Forcing a smile for the camera isn’t genuine

Photo by Marco Pedri

My family takes a lot of pictures, so many that I sometimes lose count.

Pictures give us a way to share our memories — good and bad — with those around us and each photograph expresses something different.

You will never be able to capture the same exact moment twice and, in many ways, that’s the beauty of it.

However, today there are so many different online platforms where we can share our pictures, be it professional platforms like LinkedIn or personal like Facebook and Instagram.

Despite the variety of platforms, one thing remains the same — the assumption that there is a correlation between how much you smile in a picture and how happy you are in real life.

One thing I vividly remember from a young age is being told to “smile for the camera.”

I recall numerous times when such a smile seemed, quite obviously, artificial.

I put on this smile anyway.

I wasn’t an unhappy child — far from it.

The bottom line is that our emotions are more complicated than a smile or a frown and by reducing them, our pictures can quickly become generic and repetitive.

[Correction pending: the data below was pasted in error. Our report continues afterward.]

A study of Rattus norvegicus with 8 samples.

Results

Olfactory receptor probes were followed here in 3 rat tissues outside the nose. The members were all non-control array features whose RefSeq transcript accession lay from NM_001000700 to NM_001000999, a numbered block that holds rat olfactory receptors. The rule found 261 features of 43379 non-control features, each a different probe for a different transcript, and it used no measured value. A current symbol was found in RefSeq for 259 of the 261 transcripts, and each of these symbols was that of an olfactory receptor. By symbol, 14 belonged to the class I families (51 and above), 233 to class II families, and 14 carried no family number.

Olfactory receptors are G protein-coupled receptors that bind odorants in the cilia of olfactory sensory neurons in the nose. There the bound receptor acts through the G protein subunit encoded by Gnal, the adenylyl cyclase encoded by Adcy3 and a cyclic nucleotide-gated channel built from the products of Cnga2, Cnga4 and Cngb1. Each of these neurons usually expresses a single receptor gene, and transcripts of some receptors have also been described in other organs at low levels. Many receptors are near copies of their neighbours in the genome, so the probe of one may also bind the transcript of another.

It was just that when someone put a camera in front of me, I wasn’t able to produce a genuine smile.

But then it struck me.

If the goal of a photograph is to capture a memory, then isn’t it counter intuitive to expect someone to capture only the happy moments in their lives, or at least act happy all the time?

After all, it’s the silly pictures with the funny facial expressions that I still remember from my childhood.

They accurately captured how I genuinely felt in that moment.

Do you always need to smile in pictures?

The answer is no — not if doing so makes you feel clearly uncomfortable.

There’s nothing wrong with a picture capturing a genuine smile.

However, what I am suggesting is that we need to stop assuming that there is only one emotion that can be expressed through a photograph.

In fact, each of us expresses a range of emotions in our daily lives.

A smile only captures one side of ourselves and, by extension, one portion of a memory.

The bottom line is that our emotions are more complicated than a smile or a frown and by reducing them, our pictures can quickly become quite generic and repetitive.

As the adage goes: a picture is worth a thousand words.

We need to transition towards using pictures as a way to generate a more complete representation of our everyday emotions.